Feeling comfortable at higher education facilities represents a key to successful completion. The challenges that some groups of students may face are extensive and should be understood in greater detail to be resolved in the most effective way possible. For non-native English speakers, studying in a language that is not their first creatives a wide variety of complications within the academic area.
Both observations and interviews have revealed that non-native English speakers are challenged by spoken language requirements that their educational facilities impose. One of the most prevalent issues as related to this point refers to the lack of vocabulary, the knowledge of words, as it prevents students from expressing their points of view when interacting during lessons (Heriansyah 37).
Limited vocabulary is a reason for some students being afraid of making mistakes and embarrass themselves in front of their peers, which furthers the issue even deeper. As mentioned in the research by Heriansyah, speaking the language that one has not been taught since childhood is complicated beyond the knowledge of vocabulary and grammar, as the fear of failure has a negative emotional impact (37).
Importantly, non-native speakers are also expected to acquire knowledge as to have native speakers use language in the context of social interactions. For the majority of non-natives, interpersonal interactions using a second language offer even more value than the academic setting because of the opportunity to develop conversational language skills that are imperative for successfully integrating into society.
Therefore, proficiency in using a second language in an educational setting is a significant challenge that non-native speakers experience regularly. However, there is no specific test that could put students “into different groups homogeneously based on their language proficiency levels” (Akbari 396). This calls for more considerable attention on the part of educators to recognize the specific issues associated with students’ proficiency levels and creating targeted programs that would help them to overcome the problem.
The availability of support resources intended for helping non-native speakers develop positive language skills is relatively limited. According to Peters and Anderson, who studied the topic of support of non-native English speakers at the University of Minnesota, there are four specific campus support resources that both the faculty and students find the most helpful (15). They include individual writing consultations, English language consultations, English language courses, and content-specific English language courses (Peters and Anderson 15).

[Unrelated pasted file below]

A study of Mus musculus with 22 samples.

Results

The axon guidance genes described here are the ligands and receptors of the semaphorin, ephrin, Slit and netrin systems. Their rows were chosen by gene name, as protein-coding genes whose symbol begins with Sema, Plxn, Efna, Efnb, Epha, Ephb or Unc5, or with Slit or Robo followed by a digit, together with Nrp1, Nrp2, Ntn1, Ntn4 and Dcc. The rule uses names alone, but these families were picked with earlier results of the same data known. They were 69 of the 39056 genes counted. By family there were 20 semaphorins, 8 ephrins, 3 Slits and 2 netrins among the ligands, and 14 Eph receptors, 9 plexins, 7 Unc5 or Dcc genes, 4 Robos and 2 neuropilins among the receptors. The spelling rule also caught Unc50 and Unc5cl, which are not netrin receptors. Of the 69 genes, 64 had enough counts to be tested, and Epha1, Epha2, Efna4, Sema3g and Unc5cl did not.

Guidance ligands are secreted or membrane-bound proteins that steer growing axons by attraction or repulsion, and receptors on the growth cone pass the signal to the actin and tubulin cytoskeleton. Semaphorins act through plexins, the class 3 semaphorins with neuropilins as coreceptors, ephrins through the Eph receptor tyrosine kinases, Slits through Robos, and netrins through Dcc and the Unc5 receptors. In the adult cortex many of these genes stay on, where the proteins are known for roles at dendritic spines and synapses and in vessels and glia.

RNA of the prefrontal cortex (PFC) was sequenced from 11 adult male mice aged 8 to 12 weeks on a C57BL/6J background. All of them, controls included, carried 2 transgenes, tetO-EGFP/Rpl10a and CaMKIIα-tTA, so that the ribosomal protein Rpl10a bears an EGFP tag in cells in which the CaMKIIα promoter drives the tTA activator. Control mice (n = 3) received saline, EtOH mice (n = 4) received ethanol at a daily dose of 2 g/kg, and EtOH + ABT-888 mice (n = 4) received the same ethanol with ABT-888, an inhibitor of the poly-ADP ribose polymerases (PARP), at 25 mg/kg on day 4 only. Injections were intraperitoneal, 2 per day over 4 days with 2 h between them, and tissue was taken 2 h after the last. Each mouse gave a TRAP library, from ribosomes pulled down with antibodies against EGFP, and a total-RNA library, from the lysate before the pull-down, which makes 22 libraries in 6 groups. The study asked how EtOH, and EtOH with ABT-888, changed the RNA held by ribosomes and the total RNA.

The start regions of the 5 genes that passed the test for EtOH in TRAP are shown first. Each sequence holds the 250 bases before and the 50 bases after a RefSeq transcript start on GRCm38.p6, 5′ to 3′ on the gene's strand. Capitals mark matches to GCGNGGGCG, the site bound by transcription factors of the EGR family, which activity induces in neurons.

When there is a set high expectation of reading and writing literacy for non-English speakers, there is a higher likelihood of such students experiencing tension as to be as perfect as possible. The view of scholars on this issue is quite mixed. For example, Fleckenstein et al. suggested that English reading and writing proficiency represented an ongoing process of globalization and were “underrepresented in the international discourse on educational outcomes” (3). Fleckenstein pointed out that the difficulties in reading and writing were issues that did not depend on the capacities of students but rather insufficient resources available to them (3).
The limited exposure to both reading and listening input, for example, is a challenge that can be eliminated with the help of ensuring that enough knowledge and training are disseminated among students when it comes to dealing with a broad spectrum of challenges. The use of educational technologies can play a positive role in helping non-native English students attain the expected degree of competence. Environments that communicate the expectations of achievement while also offering resources to facilitate that achievement are more likely to be positive contributors to students’ language development.
In terms of recommendations for further practice, it should be mentioned that the challenges that non-English speaking students face in higher educational institutions exasperate when there is limited availability of support resources. For improving the educational attainment of non-native speakers, colleges are expected to invest in services that offer support and guidance to students. These can range from individual consultations to content-specific English language courses.
The overall goal of supporting non-native English speakers at higher education institutions in fostering environments in which they can feel accepted and valued. The investment into tools that can facilitate the integration of second language learners is necessary for ensuring that the language skills improve through support and positive reinforcement.
Akbari, Zahara. “Current Challenges in Teaching/Learning English for EFL Learners: The Case of Junior High School and High School.” Procedia – Social and Behavioral Sciences, vol. 199, 2015, pp. 394-401.
Fleckenstein, et al. “Proficient Beyond Borders: Assessing Non-Native Speakers in a Native Speakers’ Framework.” Large-Scale Assessments in Education, vol. 4, 2016, pp. 1-19.
Heriansyah, Hendra. “Speaking Problems Faced by the English Department Students of Syiah Kuala University.” Lingua Didaktika, vol. 6, no. 1, 2012, pp. 37-44.
Peters, Bethany, and Michael Anderson. Supporting Non-Native English Speakers at the University of Minnesota: A Survey of Faculty & Staff. University of Minnesota, 2017.